New Zealand farmers export more meat for less money
New Zealand’s red meat export revenue is down for the six months to March 31, despite increased shipments and depreciation of the New Zealand dollar.
According to analysis by Beef + Lamb New Zealand‘s Economic team, the first half of the 2015-2016 meat export season shows lamb tonnage up almost 6% to 162,700t.
This was worth NZ$1.38 billion – an increase in value of 1.5% for the same six-month period during the previous export season.
Lamb export returns were boosted by a 5.9% increase in shipments, owing to an early processing season in New Zealand and a softer New Zealand dollar.
Shipments of New Zealand lamb to North Asia and the European Union were up 11% and 7.2%, respectively, which was partly offset by 10% lower shipments to the Middle East.
Over the first half of the season, the average value of lamb exports was down 4.2%, despite a softer New Zealand dollar (NZD) partially offsetting the decrease in international prices.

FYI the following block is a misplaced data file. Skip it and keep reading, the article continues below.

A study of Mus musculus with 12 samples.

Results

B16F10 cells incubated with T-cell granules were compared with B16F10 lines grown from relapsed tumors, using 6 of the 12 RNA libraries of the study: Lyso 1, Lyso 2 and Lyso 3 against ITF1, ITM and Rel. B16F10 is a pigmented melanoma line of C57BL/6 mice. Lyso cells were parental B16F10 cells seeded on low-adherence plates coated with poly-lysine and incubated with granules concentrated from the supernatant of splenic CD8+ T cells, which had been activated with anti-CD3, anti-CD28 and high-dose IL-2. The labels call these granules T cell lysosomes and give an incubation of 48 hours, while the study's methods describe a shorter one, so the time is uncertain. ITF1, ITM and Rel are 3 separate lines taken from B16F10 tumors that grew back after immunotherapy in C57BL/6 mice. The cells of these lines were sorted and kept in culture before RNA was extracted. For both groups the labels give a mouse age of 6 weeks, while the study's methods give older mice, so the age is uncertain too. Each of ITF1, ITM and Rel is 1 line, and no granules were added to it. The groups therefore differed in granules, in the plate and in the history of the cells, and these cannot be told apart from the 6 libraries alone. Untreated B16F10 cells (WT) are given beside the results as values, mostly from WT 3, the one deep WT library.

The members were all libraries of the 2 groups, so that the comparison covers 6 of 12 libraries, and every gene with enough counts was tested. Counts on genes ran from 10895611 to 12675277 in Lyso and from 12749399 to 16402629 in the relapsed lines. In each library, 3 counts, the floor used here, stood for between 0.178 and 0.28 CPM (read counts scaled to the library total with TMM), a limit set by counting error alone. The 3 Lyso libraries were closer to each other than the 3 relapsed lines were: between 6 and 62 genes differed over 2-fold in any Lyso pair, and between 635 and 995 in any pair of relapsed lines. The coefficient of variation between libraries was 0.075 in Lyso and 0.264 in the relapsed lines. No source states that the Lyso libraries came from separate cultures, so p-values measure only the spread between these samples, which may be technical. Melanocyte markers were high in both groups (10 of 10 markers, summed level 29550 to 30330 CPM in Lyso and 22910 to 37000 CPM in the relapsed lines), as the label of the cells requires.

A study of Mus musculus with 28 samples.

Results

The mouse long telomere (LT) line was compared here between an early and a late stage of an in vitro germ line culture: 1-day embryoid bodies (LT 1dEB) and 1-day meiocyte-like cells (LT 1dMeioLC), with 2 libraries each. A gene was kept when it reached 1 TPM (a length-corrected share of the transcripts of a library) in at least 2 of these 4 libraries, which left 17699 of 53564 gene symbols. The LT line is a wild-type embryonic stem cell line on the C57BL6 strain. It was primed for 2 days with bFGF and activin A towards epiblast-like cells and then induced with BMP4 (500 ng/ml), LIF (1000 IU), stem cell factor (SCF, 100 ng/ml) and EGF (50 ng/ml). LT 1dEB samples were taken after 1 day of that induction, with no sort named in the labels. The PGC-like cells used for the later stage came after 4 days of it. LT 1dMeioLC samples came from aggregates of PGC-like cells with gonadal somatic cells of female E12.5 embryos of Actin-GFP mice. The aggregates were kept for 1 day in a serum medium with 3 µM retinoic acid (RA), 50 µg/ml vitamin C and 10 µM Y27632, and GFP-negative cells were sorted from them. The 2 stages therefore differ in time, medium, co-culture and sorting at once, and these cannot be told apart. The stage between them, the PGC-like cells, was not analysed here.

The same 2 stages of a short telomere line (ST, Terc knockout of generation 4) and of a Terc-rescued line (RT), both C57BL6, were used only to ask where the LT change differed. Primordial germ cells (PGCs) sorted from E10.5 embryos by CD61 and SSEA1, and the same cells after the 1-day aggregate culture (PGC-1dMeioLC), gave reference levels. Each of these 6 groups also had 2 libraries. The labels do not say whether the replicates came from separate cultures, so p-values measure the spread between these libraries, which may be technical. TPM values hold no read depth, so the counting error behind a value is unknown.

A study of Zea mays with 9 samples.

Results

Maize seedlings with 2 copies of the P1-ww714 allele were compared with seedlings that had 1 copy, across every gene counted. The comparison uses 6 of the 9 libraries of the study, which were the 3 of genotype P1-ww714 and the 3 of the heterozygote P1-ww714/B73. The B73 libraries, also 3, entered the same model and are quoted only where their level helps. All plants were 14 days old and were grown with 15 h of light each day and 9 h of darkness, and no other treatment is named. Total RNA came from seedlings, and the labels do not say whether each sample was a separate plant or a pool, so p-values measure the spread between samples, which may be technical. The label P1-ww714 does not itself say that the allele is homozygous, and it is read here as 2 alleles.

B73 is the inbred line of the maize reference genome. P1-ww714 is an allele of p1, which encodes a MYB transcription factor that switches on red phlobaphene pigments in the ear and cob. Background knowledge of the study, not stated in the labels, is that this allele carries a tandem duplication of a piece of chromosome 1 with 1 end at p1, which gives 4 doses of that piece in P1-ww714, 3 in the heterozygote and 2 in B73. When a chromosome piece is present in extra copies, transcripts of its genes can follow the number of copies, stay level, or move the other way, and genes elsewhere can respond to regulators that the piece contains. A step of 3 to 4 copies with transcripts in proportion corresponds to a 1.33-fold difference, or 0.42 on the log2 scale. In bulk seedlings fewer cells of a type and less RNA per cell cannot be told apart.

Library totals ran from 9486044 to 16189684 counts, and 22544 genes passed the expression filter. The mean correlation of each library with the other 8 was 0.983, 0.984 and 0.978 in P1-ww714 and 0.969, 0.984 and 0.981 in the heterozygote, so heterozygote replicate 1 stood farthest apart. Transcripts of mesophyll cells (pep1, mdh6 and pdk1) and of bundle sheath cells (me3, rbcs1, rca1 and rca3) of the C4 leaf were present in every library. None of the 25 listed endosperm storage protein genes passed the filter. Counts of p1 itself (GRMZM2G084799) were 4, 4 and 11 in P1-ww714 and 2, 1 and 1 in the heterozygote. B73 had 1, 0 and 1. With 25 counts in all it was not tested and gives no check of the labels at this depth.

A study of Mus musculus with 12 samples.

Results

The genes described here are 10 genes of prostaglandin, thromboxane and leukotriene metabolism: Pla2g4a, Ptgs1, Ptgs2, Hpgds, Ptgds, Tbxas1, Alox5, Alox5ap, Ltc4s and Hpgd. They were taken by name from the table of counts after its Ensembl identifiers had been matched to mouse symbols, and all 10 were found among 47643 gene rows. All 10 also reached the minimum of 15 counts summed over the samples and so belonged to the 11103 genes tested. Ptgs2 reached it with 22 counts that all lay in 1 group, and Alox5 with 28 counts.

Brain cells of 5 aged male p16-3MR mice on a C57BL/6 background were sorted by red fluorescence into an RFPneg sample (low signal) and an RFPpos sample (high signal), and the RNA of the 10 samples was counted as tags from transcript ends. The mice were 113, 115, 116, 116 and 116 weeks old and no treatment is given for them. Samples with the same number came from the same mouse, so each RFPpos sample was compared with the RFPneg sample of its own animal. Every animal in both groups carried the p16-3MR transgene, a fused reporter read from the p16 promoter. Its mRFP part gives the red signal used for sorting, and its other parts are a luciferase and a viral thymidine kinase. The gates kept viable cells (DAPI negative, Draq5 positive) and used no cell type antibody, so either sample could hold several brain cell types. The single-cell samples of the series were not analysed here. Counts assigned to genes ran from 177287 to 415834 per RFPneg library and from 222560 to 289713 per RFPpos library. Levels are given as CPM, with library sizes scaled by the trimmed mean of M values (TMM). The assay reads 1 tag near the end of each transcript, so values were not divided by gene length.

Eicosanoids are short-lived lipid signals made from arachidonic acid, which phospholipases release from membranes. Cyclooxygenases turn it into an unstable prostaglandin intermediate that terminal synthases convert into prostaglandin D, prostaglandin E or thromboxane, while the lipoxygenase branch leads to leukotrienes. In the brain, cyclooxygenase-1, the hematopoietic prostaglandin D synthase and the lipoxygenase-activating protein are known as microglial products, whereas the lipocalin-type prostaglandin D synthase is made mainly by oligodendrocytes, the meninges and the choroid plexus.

Without the effect of the softer NZD, average values would have been down about 14%.
Compared to the same period last season, New Zealand beef and veal shipments were down 3.7% in the first six months of the 2015-16 season, despite being up 15% in the first three months.
The average value in NZD of chilled beef exports was up 11% in the first half of the season, while frozen beef exports averaged 4.3% less than the same period last season.
“It is important to note that these variations include the gains from a softer NZD,” a Beef + Lamb New Zealand statement said.
“When looking at the exports traded in US dollars, the average value expressed was down 3.9% for chilled New Zealand beef and 18% for frozen.
“This highlights that average values in NZD would have been down considerably more on the previous season, without the NZD depreciation.”
The volume of exports to North America – the largest destination for New Zealand beef and veal exports – was down 15% in the first half of the season, with the majority of this decrease occurring over January to March 2016.